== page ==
In 1996, 29 percent of people with HIV disease suffered from at least one psychological disorder such as depression, anxiety or panic disorder, or posttraumatic stress disorder (PTSD). About 27 percent of all HIV-positive patients in medical care in the United States in 1996 received at least one psychotropic drug, such as antidepressants and anxiolytics (anti-anxiety drugs) in the 6 months preceding assessment.

Use of antidepressants was most common (21 percent of patients), followed by anxiolytics (17 percent), antipsychotics (5 percent), and psychostimulants (3 percent). About 43 percent of patients reporting major depression or dysthymia (depressed mood for more than 2 years, but not severe enough to be considered major depression) reported receiving antidepressants, and 34 percent reported receiving anxiolytics.

Patients with both major depression and dysthymia were more likely to have taken antidepressants (72 percent) than patients with only major depression or dysthymia (41 and 38 percent, respectively). The presence of more than one anxiety disorder increased the rate of anxiolytic use but not antidepressant use.

More than half of the patients suffering from major depression were not treated with antidepressants. On the other hand, 17 percent of those without a diagnosed disorder received psychotropic medication.

Overall psychotropic use among HIV/AIDS patients was 27 percent for whites, 23 percent for Hispanics, and 11 percent for blacks. There was no significant difference in use of psychotropic drugs among patients with asymptomatic HIV infection, symptomatic HIV infection, or AIDS.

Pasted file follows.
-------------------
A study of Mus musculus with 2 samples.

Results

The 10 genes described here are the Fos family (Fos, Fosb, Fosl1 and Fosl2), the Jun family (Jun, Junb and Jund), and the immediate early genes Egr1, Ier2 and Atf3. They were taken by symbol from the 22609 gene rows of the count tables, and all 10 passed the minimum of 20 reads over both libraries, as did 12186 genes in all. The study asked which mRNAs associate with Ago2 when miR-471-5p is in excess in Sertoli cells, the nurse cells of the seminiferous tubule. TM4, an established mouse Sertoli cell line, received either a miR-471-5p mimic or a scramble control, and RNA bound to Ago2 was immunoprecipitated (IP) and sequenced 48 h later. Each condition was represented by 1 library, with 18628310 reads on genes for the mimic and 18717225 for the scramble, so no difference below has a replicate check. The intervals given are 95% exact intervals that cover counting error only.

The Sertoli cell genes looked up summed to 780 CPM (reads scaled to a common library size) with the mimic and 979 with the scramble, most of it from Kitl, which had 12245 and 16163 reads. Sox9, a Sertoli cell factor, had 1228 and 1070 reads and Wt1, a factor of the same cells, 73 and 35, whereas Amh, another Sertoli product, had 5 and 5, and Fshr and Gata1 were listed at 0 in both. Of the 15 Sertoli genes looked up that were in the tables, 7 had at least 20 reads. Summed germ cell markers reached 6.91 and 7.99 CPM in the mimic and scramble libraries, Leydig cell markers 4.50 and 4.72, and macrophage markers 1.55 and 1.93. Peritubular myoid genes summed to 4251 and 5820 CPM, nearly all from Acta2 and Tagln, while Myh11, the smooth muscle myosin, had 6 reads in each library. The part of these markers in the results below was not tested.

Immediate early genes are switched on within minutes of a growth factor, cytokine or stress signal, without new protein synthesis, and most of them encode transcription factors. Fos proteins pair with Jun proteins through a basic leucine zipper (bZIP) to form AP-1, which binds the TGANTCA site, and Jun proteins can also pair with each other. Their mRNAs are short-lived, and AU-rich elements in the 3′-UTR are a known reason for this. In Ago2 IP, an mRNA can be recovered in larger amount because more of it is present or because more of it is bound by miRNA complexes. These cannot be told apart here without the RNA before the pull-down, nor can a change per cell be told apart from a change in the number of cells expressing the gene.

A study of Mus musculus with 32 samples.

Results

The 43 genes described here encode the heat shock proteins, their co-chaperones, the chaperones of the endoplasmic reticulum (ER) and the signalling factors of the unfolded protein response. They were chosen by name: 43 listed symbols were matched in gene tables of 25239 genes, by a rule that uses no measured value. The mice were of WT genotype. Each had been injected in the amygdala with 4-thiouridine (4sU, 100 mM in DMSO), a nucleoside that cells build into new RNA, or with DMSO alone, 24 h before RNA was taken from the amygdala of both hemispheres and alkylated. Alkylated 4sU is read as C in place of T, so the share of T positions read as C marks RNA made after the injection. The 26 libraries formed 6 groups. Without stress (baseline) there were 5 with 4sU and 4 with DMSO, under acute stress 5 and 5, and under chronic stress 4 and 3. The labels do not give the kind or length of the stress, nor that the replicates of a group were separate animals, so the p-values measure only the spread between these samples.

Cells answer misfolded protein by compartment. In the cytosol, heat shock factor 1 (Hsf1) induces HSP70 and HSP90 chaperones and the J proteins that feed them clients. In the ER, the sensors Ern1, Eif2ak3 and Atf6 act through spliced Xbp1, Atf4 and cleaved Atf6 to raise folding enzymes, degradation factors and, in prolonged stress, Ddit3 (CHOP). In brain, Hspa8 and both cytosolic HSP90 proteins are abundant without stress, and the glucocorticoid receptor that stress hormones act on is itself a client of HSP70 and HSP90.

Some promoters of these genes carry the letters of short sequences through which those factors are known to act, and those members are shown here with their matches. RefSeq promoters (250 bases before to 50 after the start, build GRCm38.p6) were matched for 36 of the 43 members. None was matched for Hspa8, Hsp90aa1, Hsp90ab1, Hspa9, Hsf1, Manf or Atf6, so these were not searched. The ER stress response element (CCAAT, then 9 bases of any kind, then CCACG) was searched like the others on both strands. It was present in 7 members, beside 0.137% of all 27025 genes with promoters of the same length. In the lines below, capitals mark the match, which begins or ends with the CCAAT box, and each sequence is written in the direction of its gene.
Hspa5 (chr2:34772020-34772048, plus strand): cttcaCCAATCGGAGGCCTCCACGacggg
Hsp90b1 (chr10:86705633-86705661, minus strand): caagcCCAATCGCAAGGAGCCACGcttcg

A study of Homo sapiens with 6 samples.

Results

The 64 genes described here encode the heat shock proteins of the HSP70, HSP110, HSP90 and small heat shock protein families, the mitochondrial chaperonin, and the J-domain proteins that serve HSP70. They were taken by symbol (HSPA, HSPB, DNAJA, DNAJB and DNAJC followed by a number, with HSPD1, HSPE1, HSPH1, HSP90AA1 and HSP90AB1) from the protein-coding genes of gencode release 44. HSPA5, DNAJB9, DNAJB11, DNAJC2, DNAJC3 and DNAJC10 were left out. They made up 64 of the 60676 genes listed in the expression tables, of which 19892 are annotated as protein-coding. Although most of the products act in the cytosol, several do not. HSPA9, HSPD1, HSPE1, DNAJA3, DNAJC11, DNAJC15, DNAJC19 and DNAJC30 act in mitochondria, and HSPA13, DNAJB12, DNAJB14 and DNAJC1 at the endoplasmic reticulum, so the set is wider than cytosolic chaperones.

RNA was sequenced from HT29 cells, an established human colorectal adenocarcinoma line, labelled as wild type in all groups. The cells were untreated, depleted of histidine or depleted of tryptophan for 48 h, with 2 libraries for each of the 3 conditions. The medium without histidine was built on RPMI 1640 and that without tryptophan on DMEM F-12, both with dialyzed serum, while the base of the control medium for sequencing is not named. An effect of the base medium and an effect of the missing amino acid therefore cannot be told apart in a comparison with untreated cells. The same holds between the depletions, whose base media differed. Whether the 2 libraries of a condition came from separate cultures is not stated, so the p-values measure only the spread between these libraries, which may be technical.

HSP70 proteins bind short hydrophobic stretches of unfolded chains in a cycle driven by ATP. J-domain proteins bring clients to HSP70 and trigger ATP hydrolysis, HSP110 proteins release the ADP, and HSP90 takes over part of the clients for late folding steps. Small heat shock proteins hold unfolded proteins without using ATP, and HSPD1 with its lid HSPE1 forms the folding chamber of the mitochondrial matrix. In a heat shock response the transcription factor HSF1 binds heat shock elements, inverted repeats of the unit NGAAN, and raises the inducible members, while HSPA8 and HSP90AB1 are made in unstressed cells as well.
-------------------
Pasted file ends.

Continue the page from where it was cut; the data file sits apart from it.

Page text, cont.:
These findings are based on an analysis of data from the HIV Cost and Services Utilization Study (HCSUS), which was conducted under a cooperative agreement between RAND and the Agency for Healthcare Research and Quality (HS08578). HCSUS was led by Martin F. Shapiro, M.D., Ph.D., of RAND, and Samuel A. Bozzette, M.D., of the University of California, San Diego. HCSUS included data on 2,864 HIV-positive patients in medical care in the United States. This study was based on 1,489 patients who completed an interview form and questionnaire on psychotropic medications used during the previous 6 months. The majority of these patients had previously screened positive for depression or anxiety disorder.

See "Use of psychotropic medications among HIV-infected patients in the United States," by Benedetto Vitiello, M.D., M. Audrey Burnam, Ph.D, Eric G. Bing, M.D., Ph.D., M.P.H., and others, in the March 2003 American Journal of Psychiatry 160, pp. 547-554.